Saturday, November 23, 2013

Providers of Insight?

Marshall McLuhan
From Wikipedia
When considering Marshall McLuhan's 1959 lecture "Electronic Revolution: Revolutionary Effects of New Media," the notion of "fast-moving and flexible media" has indeed as much, if not more, significance in the 21st century. The evolution of technology in our society can be seen as both breathtaking and disconcerting. Inventor and Futurist Ray Kurzweil discusses the rapid advancement of technology which he argues will "blur the line between human and machine."

I think the role of "the teacher" in the learning environments of the 21st century is best illustrated when we consider McLuhan's observations about the electronic revolution of television: "The electronic revolution of television has made the teacher the provider no longer of information but of insight, and the student not the consumer but the co-teacher, since he has already amassed so much information outside the classroom."
A two key phrases in this statement are the teacher as "provider of insight" and the student as "not the consumer but the co-teacher." The opportunities that social media, Web 2.0 and the technologies we have available to us today can allow students not only to be the co-teacher, but also the creator. Yet, the insight that teachers can offer for students is critical. While technology can greatly enhance our learning environments, it is also necessary to help students become aware of the constructs of technology and software so they can think critically about how they participate and contribute as a digital citizen to the online world. According to media theorist and writer Douglas Rushkoff, we are essentially the product when we engage in social media.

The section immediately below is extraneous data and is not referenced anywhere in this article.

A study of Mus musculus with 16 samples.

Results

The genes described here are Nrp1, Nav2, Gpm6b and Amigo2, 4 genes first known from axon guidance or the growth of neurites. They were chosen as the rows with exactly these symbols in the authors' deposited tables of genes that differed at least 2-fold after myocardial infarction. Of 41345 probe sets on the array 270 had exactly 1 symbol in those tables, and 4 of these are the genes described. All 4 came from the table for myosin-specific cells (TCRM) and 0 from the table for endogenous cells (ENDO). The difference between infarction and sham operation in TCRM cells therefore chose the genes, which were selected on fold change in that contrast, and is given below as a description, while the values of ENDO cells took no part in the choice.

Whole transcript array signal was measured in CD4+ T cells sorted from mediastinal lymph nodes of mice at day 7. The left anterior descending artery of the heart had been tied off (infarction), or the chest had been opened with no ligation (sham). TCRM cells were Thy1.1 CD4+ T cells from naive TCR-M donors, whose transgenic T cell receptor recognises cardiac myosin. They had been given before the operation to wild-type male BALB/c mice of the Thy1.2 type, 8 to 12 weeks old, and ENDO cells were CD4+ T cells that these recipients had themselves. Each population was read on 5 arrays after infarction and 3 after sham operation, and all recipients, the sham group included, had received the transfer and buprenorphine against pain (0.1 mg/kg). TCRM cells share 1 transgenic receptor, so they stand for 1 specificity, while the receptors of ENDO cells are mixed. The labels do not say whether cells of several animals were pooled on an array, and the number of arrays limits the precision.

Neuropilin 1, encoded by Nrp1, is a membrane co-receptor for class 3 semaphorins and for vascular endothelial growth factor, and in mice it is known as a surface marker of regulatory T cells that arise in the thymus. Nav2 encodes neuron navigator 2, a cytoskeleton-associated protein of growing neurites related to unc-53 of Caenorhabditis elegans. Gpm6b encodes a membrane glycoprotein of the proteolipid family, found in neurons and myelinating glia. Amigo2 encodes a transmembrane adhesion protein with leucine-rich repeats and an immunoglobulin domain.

As students journey through a space that is constantly shifting and evolving, teachers need to be the "providers of insight" and help students to empower themselves to be creators and collaborators as opposed to simply being consumers...or the product. And teachers do not have to look far to find guidance and inspiration to see how students can be engaged and empowered on the Internet. While we sometimes focus more on the negative effects and outcomes of Internet usage, examples of the power of collaboration and communication on the Internet and how it can be used to promote awareness, share and build knowledge and create positive supportive communities is virtually endless. And so many of these examples are being spearheaded and created by young people. 

As teachers we need to ensure we do not lose our students' interest, as McLuhan warns, and even more importantly, not to lose our credibility with our students, since if we reject or gloss over the ubiquitous  presence of technology in their lives, the young, as McLuhan states, "can only include that we are not serious."